A great way to help our children manage their money

This chore chart is really working for us right now with our kids. It’s Dave Ramsey’s Financial Peace for kids and it’s awesome!

IMG_1908IMG_1907

I realize the side of our refrigerator looks like a junked up locker and it’s just missing a disco ball or chandelier hanging but hey it’s how we roll these days. You should see the front. It’s really scary with piles of handouts describing the latest project, next field trip and derby car specs for Awana and Scouts.

But the chore chart you see comes in a kit you can order for only $20.00 (I get no kickbacks for saying that). You get a ton of stuff with it. Like these really cool plastic envelopes and handy dandy calculator and much more:

IMG_1911IMG_1912

You figure out what chores your kids will do that receive “commissions” (pay) and how much you want to pay out for them. Ramsey is big on some chores you do for no pay because you’re part of the family. But the chores you pay commissions for you list on the dry erase board. At the end of the week you pay them for the chores they did and then they put 10% in their “Give” envelope and 10% in their “Save” and the rest in “Spend”. The calculator helps them figure out how much 10% is or whatever percent you decide on. We are viewing the “Savings” category a little differently than Ramsey suggests. We aren’t allowing our kids to touch their Savings until they are out of college – it’s for starting up a home, car, etc. But their “Spend” money is for whatever they want to spend it on (within reason). I love how there’s a clip at the bottom of the chore board so they can post a picture of what they’re saving for. Sophie is saving up for two things. A trip to The American Girl store with some friends in a few weeks and also a bike. She chose to put a picture of a bike on her chart. Mitchell changes his mind every day on what he wants to spend his money on so he has no picture there.

We’ve enforced this concept for years – tithing and saving. But we have never paid our kids for chores before. This has really opened up the door for them to understand money better. A light bulb went off in Mitchell’s head last week when talking about saving money. This system has brought a new awareness to managing and saving money. We are cheap parents and only give the opportunity for the kids to earn a max of $5.00 a week but that’s all we can do right now. We’re adding a budget amount of $40 a month to pay our kids for chores and we’ve never done that before. We hope to see that increase with time but it’s a start for now. They love seeing their money grow every week. So far they’ve not earned the entire $5 because either they have forgotten to mark their chore even though they did it (I’m a stickler with this right now – if they don’t mark it they don’t paid for it. Think about it…in the real world if you don’t punch your time card you don’t get paid for your work) And if they forget to do one of their chores they don’t get paid of course. They also can’t make up chores from the day before. Call me hard nosed but this week they are really working hard for the whole $5 (which translates into $4 net pay after they give and save).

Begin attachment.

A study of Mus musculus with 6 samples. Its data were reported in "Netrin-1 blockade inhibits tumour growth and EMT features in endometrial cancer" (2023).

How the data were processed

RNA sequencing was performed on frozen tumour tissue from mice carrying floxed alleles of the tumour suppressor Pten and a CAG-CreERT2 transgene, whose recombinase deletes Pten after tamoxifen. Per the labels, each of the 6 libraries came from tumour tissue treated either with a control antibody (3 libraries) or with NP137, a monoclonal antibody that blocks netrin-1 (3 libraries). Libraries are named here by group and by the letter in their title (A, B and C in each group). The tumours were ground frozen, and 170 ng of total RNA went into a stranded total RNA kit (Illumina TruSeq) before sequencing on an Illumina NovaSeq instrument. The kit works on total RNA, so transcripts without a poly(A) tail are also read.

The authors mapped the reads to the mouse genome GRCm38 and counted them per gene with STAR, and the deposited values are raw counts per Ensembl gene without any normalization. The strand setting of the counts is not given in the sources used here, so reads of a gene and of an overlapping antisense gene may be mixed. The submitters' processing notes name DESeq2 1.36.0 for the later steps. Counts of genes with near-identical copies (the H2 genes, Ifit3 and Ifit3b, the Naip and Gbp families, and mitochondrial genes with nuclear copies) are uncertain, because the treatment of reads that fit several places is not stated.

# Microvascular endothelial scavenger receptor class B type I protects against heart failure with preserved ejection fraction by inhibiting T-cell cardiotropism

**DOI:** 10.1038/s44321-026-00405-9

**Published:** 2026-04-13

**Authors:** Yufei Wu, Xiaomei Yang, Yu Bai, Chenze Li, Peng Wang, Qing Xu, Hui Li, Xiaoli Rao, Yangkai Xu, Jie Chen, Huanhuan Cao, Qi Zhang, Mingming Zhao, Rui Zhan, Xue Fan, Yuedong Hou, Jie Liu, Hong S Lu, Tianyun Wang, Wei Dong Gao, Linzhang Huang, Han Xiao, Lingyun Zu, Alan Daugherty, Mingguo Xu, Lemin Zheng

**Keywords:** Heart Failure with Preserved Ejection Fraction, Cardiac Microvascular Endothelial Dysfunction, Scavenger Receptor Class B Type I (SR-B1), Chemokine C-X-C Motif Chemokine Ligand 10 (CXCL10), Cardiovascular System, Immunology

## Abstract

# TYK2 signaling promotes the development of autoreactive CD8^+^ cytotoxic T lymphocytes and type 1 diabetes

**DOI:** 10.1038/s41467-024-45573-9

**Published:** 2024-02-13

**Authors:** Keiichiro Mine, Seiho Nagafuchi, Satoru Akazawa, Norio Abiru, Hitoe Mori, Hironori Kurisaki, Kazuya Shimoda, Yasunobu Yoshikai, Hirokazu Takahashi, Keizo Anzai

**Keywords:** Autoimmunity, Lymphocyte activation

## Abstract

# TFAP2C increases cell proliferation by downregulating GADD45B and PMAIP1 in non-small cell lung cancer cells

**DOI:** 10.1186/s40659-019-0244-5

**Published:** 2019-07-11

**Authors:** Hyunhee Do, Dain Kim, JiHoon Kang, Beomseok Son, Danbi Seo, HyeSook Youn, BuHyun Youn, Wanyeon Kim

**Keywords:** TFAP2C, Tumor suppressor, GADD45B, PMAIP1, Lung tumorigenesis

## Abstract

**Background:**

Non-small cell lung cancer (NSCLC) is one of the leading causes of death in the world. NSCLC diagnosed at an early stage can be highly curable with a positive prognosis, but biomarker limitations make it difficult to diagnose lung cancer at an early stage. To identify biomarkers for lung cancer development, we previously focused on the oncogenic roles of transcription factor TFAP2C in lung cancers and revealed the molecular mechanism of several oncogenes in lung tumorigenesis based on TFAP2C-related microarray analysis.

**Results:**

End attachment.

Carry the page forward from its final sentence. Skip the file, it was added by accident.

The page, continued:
We started out with really simple chores – I mean really simple.

Brush Teeth, Get Dressed, Make Bed, Take out Trash, Clean Window, Feed the dog, etc……. We pay .10 a chore (I know…please don’t tell them it’s slave labor) and only one chore gets them more. They each clean the the bathrooms once a week and we pay $1.00 for that chore. We kind of had to figure out a way to make the money work at the end of the week to make it affordable for us and easy to make change, etc. Best way is to get a bunch of ones and quarters/dimes from the bank to pay out a month at a time so you’re not scrambling every week.

We’re still learning ourselves. I see us changing this up a bit this summer. Adding more chores that require more work. I mean really…..you get paid to “Get dressed”?! What’s the alternative…..to go naked for a day? Okay, I just thought about both my kids and now I remember why I put that one down there.

I hope this might be helpful for you and your family. What a great thing to train our kids early in the biblical practice of giving to God and managing money well. They will thank us one day for not buying them everything they wanted and instead taught them how to practice restraint and discipline to save.

 

Comments

  1. Great concepts that ingluence for eternal purposes. I wish we’d have done more of this with our own kids.
    It is a good reminder for myself to follow wise spending and saving principles and if we set that pattern they will hopefully follow. 😉
    Blessings,
    Dawn

  2. I agree that it’s a good reminder for us as parents as well. I slip in areas of budgeting and then I hear myself training my kids and realize I have to do better myself. Life is such a learning curve is it not?